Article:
PIERRE, S.D. (KELO) — South Dakota Department of Health officials said the state will be ready for a coronavirus vaccine when it becomes available, although it might not be available as soon as the DOH Secretary originally indicated during an Oct. 28 news briefing.
“We have a good plan to be flexible and nimble as the vaccination becomes available,” Malsam-Rysdon said.
Early in the news briefing Malsam-Rysdon said “We’re being told to be ready for our first shipment in the middle of November.”
Vaccinations of health care workers, for example, would start quickly after delivery, she said.
Later, Malsam-Rysdon clarified to say that there was optimism that a vaccination would be ready for emergency use authorization by mid-November.
Vaccine manufacturers must apply for emergency use authorization (EUA) and at least four have indicated they won’t be ready by mid-November, according multiple reports by scientific, business and general media outlets.
“The federal government has asked states to be ready as Nov. 15,” Malsam-Rysdon said. “If the vaccine shows up on our doorstep on that day it will be getting out to folks immediately. That is the direction. If it comes at the end of November we’ll still be prepared.”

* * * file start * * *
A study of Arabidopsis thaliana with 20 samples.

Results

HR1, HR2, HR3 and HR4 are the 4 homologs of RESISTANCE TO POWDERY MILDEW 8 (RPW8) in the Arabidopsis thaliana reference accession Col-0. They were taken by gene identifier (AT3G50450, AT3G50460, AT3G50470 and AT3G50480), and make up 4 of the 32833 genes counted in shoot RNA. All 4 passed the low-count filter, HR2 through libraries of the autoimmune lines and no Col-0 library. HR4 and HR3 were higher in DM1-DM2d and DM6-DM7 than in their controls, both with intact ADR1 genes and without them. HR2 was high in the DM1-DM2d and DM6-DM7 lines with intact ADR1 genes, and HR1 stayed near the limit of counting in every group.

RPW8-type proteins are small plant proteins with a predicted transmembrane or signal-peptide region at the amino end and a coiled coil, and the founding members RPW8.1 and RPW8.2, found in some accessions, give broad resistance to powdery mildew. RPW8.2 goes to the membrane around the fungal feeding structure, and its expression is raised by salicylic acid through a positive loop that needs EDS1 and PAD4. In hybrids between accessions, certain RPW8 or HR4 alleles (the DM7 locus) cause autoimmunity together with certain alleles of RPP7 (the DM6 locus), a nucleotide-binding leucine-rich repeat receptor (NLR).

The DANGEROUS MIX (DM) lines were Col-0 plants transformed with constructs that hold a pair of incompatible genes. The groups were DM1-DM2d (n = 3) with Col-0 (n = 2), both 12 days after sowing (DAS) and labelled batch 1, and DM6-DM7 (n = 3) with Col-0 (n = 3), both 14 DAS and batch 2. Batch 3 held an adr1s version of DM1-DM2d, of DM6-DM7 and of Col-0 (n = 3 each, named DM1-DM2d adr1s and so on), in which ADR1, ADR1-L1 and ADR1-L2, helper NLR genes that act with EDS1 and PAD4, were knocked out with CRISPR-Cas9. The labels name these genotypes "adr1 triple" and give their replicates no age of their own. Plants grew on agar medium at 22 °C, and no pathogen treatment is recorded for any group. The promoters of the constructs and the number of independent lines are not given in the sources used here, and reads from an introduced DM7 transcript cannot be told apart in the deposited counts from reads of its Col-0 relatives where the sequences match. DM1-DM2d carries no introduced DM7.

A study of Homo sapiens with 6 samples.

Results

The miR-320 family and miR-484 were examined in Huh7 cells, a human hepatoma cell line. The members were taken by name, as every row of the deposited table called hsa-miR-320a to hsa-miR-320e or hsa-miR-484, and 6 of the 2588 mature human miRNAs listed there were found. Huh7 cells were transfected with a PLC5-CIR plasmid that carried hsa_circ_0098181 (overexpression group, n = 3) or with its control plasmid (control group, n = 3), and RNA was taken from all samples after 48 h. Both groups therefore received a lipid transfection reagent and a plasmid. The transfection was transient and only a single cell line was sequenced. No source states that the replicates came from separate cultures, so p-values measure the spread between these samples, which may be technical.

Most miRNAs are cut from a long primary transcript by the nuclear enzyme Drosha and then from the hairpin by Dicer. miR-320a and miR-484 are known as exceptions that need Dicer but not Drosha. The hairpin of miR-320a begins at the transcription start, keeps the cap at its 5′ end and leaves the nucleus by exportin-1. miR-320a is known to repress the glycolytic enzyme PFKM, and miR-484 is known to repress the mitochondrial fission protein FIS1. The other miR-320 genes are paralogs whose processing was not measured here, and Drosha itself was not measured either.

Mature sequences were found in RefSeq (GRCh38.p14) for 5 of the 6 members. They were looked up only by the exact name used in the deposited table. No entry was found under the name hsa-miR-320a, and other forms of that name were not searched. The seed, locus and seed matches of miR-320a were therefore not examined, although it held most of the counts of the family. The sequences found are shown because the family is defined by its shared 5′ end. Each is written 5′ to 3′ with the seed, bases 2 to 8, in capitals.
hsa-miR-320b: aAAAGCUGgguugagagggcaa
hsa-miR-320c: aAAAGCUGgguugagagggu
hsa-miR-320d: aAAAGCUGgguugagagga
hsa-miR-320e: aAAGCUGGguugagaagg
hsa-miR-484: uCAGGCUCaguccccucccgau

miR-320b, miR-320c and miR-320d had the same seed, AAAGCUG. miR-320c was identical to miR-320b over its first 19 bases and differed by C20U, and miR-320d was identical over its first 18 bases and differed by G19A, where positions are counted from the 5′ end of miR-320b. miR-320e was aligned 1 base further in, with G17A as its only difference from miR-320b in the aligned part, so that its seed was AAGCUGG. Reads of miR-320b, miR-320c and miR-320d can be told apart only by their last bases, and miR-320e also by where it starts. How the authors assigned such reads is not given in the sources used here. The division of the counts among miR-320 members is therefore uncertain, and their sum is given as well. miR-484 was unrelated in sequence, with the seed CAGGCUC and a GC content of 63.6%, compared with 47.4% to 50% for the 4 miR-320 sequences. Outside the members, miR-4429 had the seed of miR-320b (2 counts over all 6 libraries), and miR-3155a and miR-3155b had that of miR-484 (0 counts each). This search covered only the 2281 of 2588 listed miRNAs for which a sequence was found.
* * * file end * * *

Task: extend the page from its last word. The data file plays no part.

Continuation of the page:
Although the DOH Secretary said federal officials told the state to be ready by Nov. 15 for a vaccination, a report from one of the most aggressive manufactures in the vaccination development. Pfizer, indicated it would not be ready for any rollout in mid November.
Pfizer chairman and chief executive officer Albert Bourla said in an open letter posted on Oct. 16 on the company’s website that is company would not be applying for EUA until after the third week in November.
Here is a quote from Bourla’s letter: “So let me be clear, assuming positive data, Pfizer will apply for Emergency Authorization Use in the U.S. soon after the safety milestone is achieved in the third week of November. All the data contained in our U.S. application would be reviewed not only by the FDA’s own scientists but also by an external panel of independent experts at a publicly held meeting convened by the agency.”
Manufacturers may be able to receive an EUA from the Food and Drug Administration (FDA) if the vaccines and process meet certain criteria. A vaccine that receives EUA approval would then be targeted for use by health care workers and similar. The general public would not receive a vaccination most likely until at least 2021.
Malsam-Rysdon said there were several companies developing a coronavirus vaccination.
Moderna anticipates filing for an EUA in late November, according to an Oct. 16 story by Scientific America and other media reports.
Johnson and Johnson and AZN have both paused their vaccination trails in the U.S. so it’s unlikely theirs would be available this year.